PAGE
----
What Does It Take?
Note that names have been changed and the story adapted to protect the women who came forward and the confidentiality of the group.
Nearly ten years ago, a private sector organization asked me to investigate morale problems with their staff in one of their operations. After a few focus groups that allowed some initial framing, we began a series of individual interviews. The second client alluded to some problems with her manager - a man - but they were vague and didn’t even rise to the level of allegation.
By the fifth interview, the earlier comments could not be ignored.
Shelly tried mightily to keep it together, though I could sense something was amiss. It was when I asked about the manager that a slight tremble appeared on her lips. Slowly, she began to disclose the sexual misconduct to which she had been exposed. Before long, the trembling was much worse, and tears cascaded down her face. Multiple times I urged her to breathe, and we had to stop several times so she could take a break.
By the time Shelly was done, there was reason to believe her manager was a serial abuser, and a very savvy one. It also became clear that another man, the second in command, while not an abuser, had been complicit in covertly enabling the behavior.
Eventually, there were five different women willing to bring the issue forward. One of them was preparing to go to the local newspaper because she believed most of management was complicit.
After talking to my mentor, it was clear there were systemic problems, and it was necessary to quickly go up the managerial chain.
The senior leader I approached was incredulous that there could be such trouble in his operations without his knowledge. He asked about the credibility of the accusers. I told him that at least two showed signs of trauma, that both were already in therapy, and that I had a referred a third to their employee assistance program. Furthermore, I told him that with the emotions they displayed, I found them all to be quite credible.
Fortunately, this leader took the matter seriously and immediate action occurred. An internal process took place that resulted in the validation of the accusations and the removal of the two male managers.
In the years since, I've spoken to a number of people about such situations. While I’m not so presumptuous to think I am an expert, there are several key lessons that parallel what we have seen with #MeToo.
First, offenders and perpetrations are often covert, and many are quite subtle. Also, those who perpetrate are savvy enough to sufficiently conceal their behavior, and to present a different face to others. The result is that the behaviors get normalized by everyone. As one woman told me, “It’s hiding in plain sight.” And as another acknowledged, “I was overlooking it too. I even told a new employee about how to work around the guy rather than confronting it.”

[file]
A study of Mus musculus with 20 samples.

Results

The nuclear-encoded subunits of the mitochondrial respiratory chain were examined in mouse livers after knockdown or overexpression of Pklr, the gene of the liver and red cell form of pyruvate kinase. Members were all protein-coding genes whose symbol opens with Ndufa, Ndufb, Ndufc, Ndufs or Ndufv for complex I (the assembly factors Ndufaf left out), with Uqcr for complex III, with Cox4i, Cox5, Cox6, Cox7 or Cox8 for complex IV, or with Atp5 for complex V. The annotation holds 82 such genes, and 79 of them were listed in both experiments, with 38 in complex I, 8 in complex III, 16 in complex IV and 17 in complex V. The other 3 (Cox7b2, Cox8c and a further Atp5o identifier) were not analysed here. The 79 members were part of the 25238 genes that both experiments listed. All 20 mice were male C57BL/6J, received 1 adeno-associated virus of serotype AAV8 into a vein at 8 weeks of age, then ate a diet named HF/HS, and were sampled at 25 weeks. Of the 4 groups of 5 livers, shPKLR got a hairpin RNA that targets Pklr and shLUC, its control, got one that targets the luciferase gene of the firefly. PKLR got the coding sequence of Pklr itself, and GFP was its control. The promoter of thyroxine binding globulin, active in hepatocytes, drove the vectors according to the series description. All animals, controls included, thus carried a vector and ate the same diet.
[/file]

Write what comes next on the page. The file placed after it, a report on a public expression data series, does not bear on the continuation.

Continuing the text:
Because it is normalized - and because we don’t speak openly about the perpetrations and patterns - everyone assumes that everyone knows and that leaders and managers are knowingly complicit. In fact, my personal experiences suggest there are several common responses as things come to light. First, from those who have been victimized who can be quite surprised they are not alone. Second, from leaders who invariably are mystified how something so problematic is not known.
Of course, let’s be honest: there are all kinds of avoidances, minimizations and justifications, none of which are to be condoned. While the misconduct may be normalized, that does not make it right in any way. All it takes is a few conversations with women who have been injured to be convinced of this.
Yet here is the greatest lesson, and what makes #MeToo different. Once light is shed on the problem, once it becomes personal and no longer some distant problem for others, everything is altered. When fathers find out their young daughters are being sexualized, when brothers discover their sisters have been perpetrated, when men realize some of their best female friends have been mistreated and sometimes violated, and when husbands discover their wives have been hiding shameful experiences - suddenly it cannot be ignored.
When women give a collective voice, they are less likely to feel ashamed and alone. They cannot so easily be overlooked or ignored.
I know there are those who will read these thoughts and retreat into any number of familiar and historical patterns. There is still so much to be done, and yet, the tide has turned. The genie cannot be forced back into the bottle, thus the magic of reformation must come to pass. It will take time, and the change will be different in each and every circumstance.
That’s what is different now. That’s why there is a dramatic shift in the speed with which allegations are addressed and actions taken. When finally enough voices speak loudly, leaders must follow, the culture must change, and the result will be greater freedom for all.
When someone else’s situation becomes personal and relevant, we can no longer make them into “other”, and no longer pretend it is not a matter for our concern.
When we make contact, it becomes personal. We are then forced to see and to care. Action becomes inevitable. Change then follows.
Seeing True™ - A Postscript
One of the women who had been perpetrated has stayed in touch with me over the years. She recently contacted me to let me know she was doing well, and that she often sees some of the other women though they have all moved on in a variety of ways. They are collectively optimistic. They have seen the power when their voices are joined, and the problem is no longer hidden in plain sight.